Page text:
Could Cat Ownership and Adolescent Psychosis Be Linked?

March 13, 2017
JoAnna Pendergrass, DVM

Dr. Pendergrass received her DVM degree from the Virginia-Maryland College of Veterinary Medicine. Following veterinary school, she completed a postdoctoral fellowship at Emory Universitys Yerkes National Primate Research Center. Dr. Pendergrass is the founder and owner ofJPen Communications, a medical communications company.

A recent study found no association between cat ownership during pregnancy or early childhood and adolescent psychosis.

A study published in Psychological Medicine reported no evidence of an association between cat ownership during pregnancy or early childhood and increased risk of adolescent psychotic experiences (PEs). This finding could provide some reassurance on T. gondii infection from a public health perspective, the authors wrote.

T. gondii is a protozoal parasite whose primary host is the house cat. Intermediate hosts, including humans, can become infected with T. gondii in utero or by ingesting parasitic oocysts or tissue cysts. Once inside the body, T. gondii can encyst in brain tissue. In children, a T. gondii brain infection can negatively affect neurodevelopment and increase the risk of adolescent PEs, which, in turn, can increase the risk of adult schizophrenia.

Previous studies have reported a possible link between T. gondii infection and schizophrenia. In one study, people infected with T. gondii demonstrated cognitive impairments commonly associated with schizophrenia. A potential link between T. gondii infection and schizophrenia led some researchers to propose a hypothesis regarding cat ownership and increased psychosis risk. Currently, though, little empirical evidence exists to support this hypothesis.

The current study’s authors gathered birth data from England’s Avon Longitudinal Study of Parents and Children (ALSPAC). Women in the ALSPAC study provided information on pet ownership, including cat ownership, during pregnancy and at specific time points thereafter.

At ages 13 and 18, the women’s children participated in a psychotic-like symptoms interview, which screened for PEs. Children with complete data of psychotic symptoms from these interviews (age 13, n=6705; age 18, n=4676) were included in the study’s analysis. Data on PE were reported for these two ages.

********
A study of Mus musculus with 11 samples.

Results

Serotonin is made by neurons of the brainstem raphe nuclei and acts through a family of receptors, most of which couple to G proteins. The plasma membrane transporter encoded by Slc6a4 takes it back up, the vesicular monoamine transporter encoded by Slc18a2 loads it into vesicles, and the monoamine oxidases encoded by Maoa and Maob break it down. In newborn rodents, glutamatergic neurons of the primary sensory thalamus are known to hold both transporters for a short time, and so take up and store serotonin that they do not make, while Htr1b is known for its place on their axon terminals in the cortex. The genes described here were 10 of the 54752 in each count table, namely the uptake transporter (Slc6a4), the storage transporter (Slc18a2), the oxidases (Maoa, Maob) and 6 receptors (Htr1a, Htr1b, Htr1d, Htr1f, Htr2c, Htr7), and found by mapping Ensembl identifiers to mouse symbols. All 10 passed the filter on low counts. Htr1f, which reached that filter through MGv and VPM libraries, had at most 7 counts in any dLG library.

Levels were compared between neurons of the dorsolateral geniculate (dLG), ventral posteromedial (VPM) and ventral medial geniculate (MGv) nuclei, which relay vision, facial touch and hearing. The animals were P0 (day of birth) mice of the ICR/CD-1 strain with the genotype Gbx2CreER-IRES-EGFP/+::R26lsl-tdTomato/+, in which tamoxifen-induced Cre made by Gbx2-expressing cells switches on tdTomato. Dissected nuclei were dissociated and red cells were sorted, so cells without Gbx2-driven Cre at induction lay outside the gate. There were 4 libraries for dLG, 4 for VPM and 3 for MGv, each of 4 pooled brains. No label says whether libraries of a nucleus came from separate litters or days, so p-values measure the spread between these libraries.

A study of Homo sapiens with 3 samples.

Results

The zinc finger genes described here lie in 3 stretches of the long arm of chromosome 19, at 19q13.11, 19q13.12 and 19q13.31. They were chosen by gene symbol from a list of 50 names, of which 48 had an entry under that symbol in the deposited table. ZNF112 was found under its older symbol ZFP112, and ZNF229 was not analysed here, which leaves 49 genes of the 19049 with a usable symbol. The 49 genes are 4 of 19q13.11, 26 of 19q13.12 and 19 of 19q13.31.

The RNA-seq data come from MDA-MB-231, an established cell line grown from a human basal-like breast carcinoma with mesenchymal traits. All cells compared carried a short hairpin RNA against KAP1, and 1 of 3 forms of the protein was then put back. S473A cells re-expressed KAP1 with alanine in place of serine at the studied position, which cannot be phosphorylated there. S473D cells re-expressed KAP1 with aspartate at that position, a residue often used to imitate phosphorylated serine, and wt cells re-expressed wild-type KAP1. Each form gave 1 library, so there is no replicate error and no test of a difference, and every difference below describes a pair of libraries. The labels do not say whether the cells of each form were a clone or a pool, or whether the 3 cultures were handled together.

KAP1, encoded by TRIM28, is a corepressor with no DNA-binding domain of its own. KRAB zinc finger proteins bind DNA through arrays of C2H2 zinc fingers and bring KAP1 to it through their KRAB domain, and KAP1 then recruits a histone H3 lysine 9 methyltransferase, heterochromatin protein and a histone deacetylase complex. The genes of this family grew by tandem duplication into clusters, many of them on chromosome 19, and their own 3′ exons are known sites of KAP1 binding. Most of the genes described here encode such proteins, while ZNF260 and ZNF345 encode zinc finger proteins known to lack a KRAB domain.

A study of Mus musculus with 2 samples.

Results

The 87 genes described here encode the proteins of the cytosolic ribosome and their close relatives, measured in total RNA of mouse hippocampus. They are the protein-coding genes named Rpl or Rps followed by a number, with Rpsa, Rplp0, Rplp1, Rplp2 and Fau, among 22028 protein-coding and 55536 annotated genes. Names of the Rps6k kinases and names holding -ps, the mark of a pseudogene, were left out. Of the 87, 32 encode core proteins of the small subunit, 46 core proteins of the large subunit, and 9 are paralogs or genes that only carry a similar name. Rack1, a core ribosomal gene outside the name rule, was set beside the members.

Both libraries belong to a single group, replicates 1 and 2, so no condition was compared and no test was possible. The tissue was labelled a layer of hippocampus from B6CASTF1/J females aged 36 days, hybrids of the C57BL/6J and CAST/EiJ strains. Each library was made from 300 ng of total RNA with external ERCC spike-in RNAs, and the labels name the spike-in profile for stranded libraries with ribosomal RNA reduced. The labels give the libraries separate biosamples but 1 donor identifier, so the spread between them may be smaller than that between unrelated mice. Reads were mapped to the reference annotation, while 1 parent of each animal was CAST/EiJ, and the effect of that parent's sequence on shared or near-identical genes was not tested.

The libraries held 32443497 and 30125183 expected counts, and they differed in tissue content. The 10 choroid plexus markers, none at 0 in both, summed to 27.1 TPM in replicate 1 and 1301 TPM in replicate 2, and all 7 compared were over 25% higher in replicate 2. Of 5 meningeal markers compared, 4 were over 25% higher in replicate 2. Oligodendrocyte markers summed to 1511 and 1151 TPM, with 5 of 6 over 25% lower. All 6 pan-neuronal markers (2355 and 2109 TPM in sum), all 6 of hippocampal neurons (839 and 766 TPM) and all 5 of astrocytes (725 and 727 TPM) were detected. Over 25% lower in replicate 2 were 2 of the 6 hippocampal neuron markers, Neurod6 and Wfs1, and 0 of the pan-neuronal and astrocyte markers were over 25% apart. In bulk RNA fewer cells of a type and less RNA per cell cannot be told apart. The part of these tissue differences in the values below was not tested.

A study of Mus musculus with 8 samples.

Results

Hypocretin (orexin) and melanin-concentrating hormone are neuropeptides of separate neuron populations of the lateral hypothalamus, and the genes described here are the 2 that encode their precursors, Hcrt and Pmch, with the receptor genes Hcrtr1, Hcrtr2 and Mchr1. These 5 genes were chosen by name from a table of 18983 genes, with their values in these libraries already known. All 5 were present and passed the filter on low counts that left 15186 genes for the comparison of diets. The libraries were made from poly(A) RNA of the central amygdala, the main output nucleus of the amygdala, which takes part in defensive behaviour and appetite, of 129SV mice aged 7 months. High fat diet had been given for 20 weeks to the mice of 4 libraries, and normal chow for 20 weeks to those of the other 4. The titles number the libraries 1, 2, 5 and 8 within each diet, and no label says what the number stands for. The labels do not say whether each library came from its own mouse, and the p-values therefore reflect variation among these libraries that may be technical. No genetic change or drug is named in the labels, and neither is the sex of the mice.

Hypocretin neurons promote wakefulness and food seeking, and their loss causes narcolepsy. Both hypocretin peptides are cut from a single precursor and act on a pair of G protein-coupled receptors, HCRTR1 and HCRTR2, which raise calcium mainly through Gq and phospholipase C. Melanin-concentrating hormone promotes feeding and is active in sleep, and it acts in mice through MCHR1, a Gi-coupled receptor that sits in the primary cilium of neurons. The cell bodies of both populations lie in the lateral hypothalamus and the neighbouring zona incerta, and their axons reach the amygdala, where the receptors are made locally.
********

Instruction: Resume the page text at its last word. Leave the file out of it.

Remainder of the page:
Age Group Characteristics

Overall, the majority of children aged 13 and 18 were female, white, and had mothers who were married. Approximately 30% of mothers in both age groups reported cat ownership during pregnancy and at 4 and 10 years after pregnancy.

Several characteristics were found to be more more prevalent in children with suspected or definite PEs:

Age 13

  • Female
  • Crowded home environment
  • Frequent house moves
  • Younger, single, less educated mother

Age 18

  • Female
  • Crowded home environment
  • Younger, single, less educated mother
  • Non-white ethnicity

Notably, authors observed that PE prevalence decreased from age 13 to age 18.

Association Between Cat Ownership and PEs

Authors performed regression analysis to analyze the association between cat ownership and adolescent PEs. Before performing this analysis, they identified several factors, including child ethnicity and maternal education, that could have confounded this association.

The following associations between cat ownership and adolescent PEs were identified:

Cat ownership during pregnancy

  • No significant association with PEs at ages 13 or 18

Cat ownership at age 4

  • No significant association with PEs at age 13, only after multivariable adjustment
  • No significant association with PEs at age 18, regardless of multivariable adjustment

Cat ownership at age 10

  • As for cat ownership at age 4

The authors noted that their findings contrasted with those of previous studies on cat ownership and schizophrenia. Methodological differences could explain this contrast. The current study was prospective; the previous studies were retrospective and did not evaluate cat ownership at specific time points.

Taken together, the study’s results—namely, decreased PE prevalence at age 18 and the lack of association between cat ownership and PEs—“may have the strongest implications for likely effects of early life cat ownership on clinical disorder.” Because of possible T. gondii exposure, authors still advised pregnant women not to handle soiled cat litter.

Dr. JoAnna Pendergrass received her doctorate in veterinary medicine from the Virginia-Maryland College of Veterinary Medicine. Following veterinary school, she completed a postdoctoral fellowship at Emory University’s Yerkes National Primate Research Center. Dr. Pendergrass is the founder and owner of JPen Communications, LLC, a medical communications company.